What i tried so far is just thinking about what might be edge cases + producing some "random" data, but i don't know how can i be more sure i didn't miss something real users will be capable of messing up..

I want to check i didn't miss something important in my algorithm and i don't know how to generate test data to cover all possible situations:

The task is to report snapshots of data for every Event_Date, but make a separate row for edits that may belong to the next Event_Date - see Group 2) on input and output data illustration:

input and output data illustration

My algorithm:

  1. make a list of event_dates and compute next_event_dates for them
  2. join the results to main_audit_table and compute the biggest transaction_id for each snapshot (Groups 1-4 in my illustration) - groupped by id, event_date and by 2 options based on whether transaction_date < next_event_date is true or not
  3. join main_audit_table to the results to get the other data from the same transaction_id
  4. join costs_audit_table to the results - use the biggest transaction_id that is smaller than transaction_id from the result

My question(s):

  • How can i generate test data that would cover all possible scenarios, so i know i got the algorithm right?
  • Can you see any mistakes in my algorithm logic?
  • Is there a better forum for this kind of questions?

My code (that needs to be tested):

    main.transaction_date as last_change,
    costs.costs as costs_2012
  from (
    --snapshots that return correct transaction ids grouped by event_date
      max(main_grp.transaction_id) main_transaction_id,
      max(costs_grp.transaction_id) costs_transaction_id
    from main_audit_table main_grp
    join (
      --list of all event_dates and their next_event_dates
        coalesce(lead(event_date) over (partition by id order by event_date),
                 '1.1.2099') next_event_date
      from main_audit_table
      group by main_grp.id, main_grp.event_date
    ) list on list.id = main_grp.id and list.event_date = main_grp.event_date
    left join costs_audit_table costs_grp
      on costs_grp.id = main_grp.id and
         costs_grp.year = 2012 and
         costs_grp.transaction_id <= main_grp.transaction_id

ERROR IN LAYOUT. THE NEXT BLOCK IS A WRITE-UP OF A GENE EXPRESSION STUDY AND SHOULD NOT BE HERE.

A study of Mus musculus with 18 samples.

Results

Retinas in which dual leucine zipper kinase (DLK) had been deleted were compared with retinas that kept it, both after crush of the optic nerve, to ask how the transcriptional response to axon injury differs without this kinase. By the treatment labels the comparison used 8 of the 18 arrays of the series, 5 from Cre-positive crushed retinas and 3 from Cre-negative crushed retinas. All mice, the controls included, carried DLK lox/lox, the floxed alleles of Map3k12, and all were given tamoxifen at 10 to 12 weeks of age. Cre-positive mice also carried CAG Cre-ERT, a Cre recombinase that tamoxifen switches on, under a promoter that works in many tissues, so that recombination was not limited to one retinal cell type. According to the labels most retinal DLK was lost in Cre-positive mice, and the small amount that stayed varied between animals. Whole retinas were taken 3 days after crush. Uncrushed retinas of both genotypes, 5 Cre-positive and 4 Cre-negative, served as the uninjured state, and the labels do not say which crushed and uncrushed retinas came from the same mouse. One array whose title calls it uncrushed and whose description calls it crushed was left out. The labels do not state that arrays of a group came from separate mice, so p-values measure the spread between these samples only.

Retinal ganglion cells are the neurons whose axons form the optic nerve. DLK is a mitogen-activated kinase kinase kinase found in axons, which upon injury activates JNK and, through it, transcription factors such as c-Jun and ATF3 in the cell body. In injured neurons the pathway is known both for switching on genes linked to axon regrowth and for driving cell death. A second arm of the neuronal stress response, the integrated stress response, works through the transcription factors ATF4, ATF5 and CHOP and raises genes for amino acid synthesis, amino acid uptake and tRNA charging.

group by
      case when main_grp.transaction_date < list.next_event_date
           then 1
           else 0 end
  ) snapshots
  join main_audit_table main
    on main.id = snapshots.id and
       main.transaction_id = snapshots.main_transaction_id
  left join costs_audit_table costs
    on costs.id = snapshots.id and
       costs.transaction_id = snapshots.costs_transaction_id
@Kodra as for a model - they are IBM Tivoli Service Request Manager audit tables (a_workorder with dozens of custom fields) + custom audit tables - without up-to-date documentation and my reverse engineering skills are as good as yours.. –  deathApril Apr 24 '12 at 22:20
@Kodra the group assignment should be clear from point 2. of my algorithm - if not, please tell me what exactly is not clear so i can rephrase it, thanks –  deathApril Apr 24 '12 at 22:21
Are you really storing dates as strings, or is that the 'default' representation of a date on your system (1.1.2099)? –  Clockwork-Muse Apr 25 '12 at 0:00
@X-Zero it is, but i guess i will use DATE(TIMESTAMP_FORMAT()) in the production code, thanks –  deathApril Apr 25 '12 at 5:49

Common table expressions (CTE) are not only a good way to bury complexity and reduce the duplication of longer SQL snippets, but also an easy way to represent test data as if it came from a permanent table. At the very least, CTEs will focus the major components of your query at the top, allowing you to refer to them by their label throughout the rest of the statement. Graeme Birchall's DB2 SQL Cookbook (a well-maintained, free e-book) has some good examples of this and other advanced SQL patterns. Joe Celko is another good source for ideas on how to make SQL do more of the heavy lifting for you.